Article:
June Inflation Drags on Shoppers

Office Depot shoppers Callan Garber, 10, right, and her sister, Lane Barber, 14, left, shops for school supplies at Office Depot in Mountain View, Calif., Tuesday, July 29, 2008. The Commerce Department reported Monday, Aug. 4, 2008, that consumer spending dipped by 0.2 percent in June, after removing the effects of higher prices, the poorest showing since a similar drop in February. (AP Photo/Paul Sakuma)
Office Depot shoppers Callan Garber, 10, right, and her sister, Lane Barber, 14, left, shops for school supplies at Office Depot in Mountain View, Calif., Tuesday, July 29, 2008. The Commerce Department reported Monday, Aug. 4, 2008, that consumer spending dipped by 0.2 percent in June, after removing the effects of higher prices, the poorest showing since a similar drop in February. (AP Photo/Paul Sakuma) (Paul Sakuma - AP)
Washington Post Staff Writer
Tuesday, August 5, 2008

Consumers' buying power was dragged down by inflation in June, according to data released yesterday by the Commerce Department, dealing another blow to a retail industry already beset by economic woes.

In current dollars, consumers spent 0.6 percent more in June than during the previous month. But after adjusting for inflation, spending dropped 0.2 percent as inflation reached its highest monthly rate since Hurricane Katrina in 2005, signaling that shoppers are paying more to get less. Personal income rose 0.1 percent, but disposable income plummeted 2.6 percent adjusted for inflation as the impact of the economic stimulus checks began to wear off.

"Inflation is still an issue, and certainly the first half of the year was a big burden on consumer spending," said Alan Levenson, chief economist of T. Rowe Price Associates.

The skyrocketing price of oil, which reached a record $147 a barrel in July, pushed gas prices over $4 per gallon and inflated consumer spending. Oil prices have since settled to about $121.41 yesterday, and Levenson said he expects the monthly inflation rate to begin moderating.

The average price of a gallon of regular gas dropped to $3.88 yesterday, down 7.5 cents from a week ago. Such considerations make it unlikely that the Federal Reserve will change interest rates when it meets today, he said.

To help boost spending, the Bush administration mailed economic stimulus checks of up to $600 per person to 130 million households. The payments helped fuel the increase in disposable income in April and May, accounting for about $577 billion in growth, according to the Commerce Department. It also helped buffer the decline in disposable income by $243 billion in June.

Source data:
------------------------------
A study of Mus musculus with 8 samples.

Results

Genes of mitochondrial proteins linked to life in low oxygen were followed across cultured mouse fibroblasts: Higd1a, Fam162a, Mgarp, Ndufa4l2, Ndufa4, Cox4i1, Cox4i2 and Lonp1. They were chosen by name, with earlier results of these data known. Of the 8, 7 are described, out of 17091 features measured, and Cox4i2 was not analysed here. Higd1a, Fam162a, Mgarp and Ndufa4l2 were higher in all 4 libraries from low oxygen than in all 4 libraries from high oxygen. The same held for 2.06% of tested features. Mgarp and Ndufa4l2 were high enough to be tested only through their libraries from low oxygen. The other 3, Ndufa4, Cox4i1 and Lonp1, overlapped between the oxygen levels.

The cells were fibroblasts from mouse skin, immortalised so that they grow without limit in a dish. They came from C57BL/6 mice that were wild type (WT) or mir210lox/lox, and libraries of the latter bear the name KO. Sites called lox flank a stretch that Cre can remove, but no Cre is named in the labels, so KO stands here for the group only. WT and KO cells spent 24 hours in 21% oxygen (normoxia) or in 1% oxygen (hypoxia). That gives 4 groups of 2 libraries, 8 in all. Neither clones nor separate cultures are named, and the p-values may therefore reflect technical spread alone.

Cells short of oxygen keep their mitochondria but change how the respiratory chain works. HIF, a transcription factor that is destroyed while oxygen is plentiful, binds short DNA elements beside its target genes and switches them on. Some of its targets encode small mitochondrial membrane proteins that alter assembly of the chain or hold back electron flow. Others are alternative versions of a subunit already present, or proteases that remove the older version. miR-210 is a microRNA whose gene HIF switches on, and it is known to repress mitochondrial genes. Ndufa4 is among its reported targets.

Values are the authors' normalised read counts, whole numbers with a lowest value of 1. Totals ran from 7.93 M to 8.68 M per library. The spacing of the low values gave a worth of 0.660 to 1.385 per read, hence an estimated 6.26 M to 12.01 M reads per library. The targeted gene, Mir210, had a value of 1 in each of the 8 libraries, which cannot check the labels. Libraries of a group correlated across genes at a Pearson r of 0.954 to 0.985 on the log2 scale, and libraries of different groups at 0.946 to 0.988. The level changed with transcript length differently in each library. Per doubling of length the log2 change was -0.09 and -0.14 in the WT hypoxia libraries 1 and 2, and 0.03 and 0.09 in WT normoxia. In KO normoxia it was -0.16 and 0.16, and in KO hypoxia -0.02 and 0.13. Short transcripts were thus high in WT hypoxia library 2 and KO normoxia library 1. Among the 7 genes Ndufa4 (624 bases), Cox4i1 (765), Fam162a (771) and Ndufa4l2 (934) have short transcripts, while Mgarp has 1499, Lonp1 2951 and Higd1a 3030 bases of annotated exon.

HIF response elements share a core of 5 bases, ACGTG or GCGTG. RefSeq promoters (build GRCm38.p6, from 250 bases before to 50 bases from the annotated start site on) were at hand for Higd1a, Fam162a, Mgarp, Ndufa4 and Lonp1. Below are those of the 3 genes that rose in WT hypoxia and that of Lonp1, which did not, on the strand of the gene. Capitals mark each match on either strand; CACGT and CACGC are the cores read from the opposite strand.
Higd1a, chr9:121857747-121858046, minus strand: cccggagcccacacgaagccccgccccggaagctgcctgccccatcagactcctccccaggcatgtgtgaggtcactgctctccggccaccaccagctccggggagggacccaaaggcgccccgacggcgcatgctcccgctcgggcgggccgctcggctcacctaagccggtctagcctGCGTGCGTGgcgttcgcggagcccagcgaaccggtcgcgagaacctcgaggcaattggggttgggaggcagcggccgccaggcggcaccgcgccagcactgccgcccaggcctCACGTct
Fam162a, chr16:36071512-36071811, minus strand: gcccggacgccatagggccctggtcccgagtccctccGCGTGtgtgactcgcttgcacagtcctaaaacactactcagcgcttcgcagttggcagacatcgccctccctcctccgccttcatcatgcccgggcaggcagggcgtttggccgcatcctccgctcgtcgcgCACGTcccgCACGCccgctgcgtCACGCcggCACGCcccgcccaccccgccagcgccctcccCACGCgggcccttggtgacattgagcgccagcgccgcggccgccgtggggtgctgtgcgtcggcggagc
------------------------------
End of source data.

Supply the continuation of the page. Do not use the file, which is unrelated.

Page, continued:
Many consumers appear to be holding on to that money, however, according to Brian Bethune, chief U.S. financial economist for Global Insight. With banks tightening their grip on credit, many consumers may be trying to shore up depleted savings accounts.

"Consumers appear to be acting rationally in a very uncertain economic environment," he said.

Those who are spending seem to be reining in their discretionary purchases as necessities such as food and gas eat up larger shares of their wallets. Retail sales rose 0.1 percent in June from the previous month, according to data released by the Commerce Department last month.

Sales at auto dealerships were down 3.6 percent, and furniture stores, electronics retailers and building materials and garden stores were hit particularly hard. Meanwhile, gas stations posted a 4.6 percent gain, and supermarkets and clothing stores also showed growth.

The shift in purchasing patterns has many retailers on edge. Several large national chains have filed for bankruptcy or announced massive store closings over the past year. The latest victim is Boscov's department stores, a family-owned chain with 49 locations that said yesterday it was seeking Chapter 11 bankruptcy protection. It plans to close 10 stores, including one at Marley Station Mall in Glen Burnie.

"I think the industry should be very concerned. Anything that impacts the spending power of consumers clearly impacts our industry," said Scott Krugman, spokesman for the National Retail Federation, a trade group.

Crunch time is nearly here for retailers, which are counting on solid back-to-school spending to help propel them into the crucial holiday season. The NRF estimated that one-fifth of parents had set aside part of their stimulus checks for back-to-school shopping. But that money may be long gone by the time Christmas bells begin to ring.

"The question is: What happens without the safety net of the [tax rebate and stimulus] checks?" Krugman said. "It seems we're about to find out."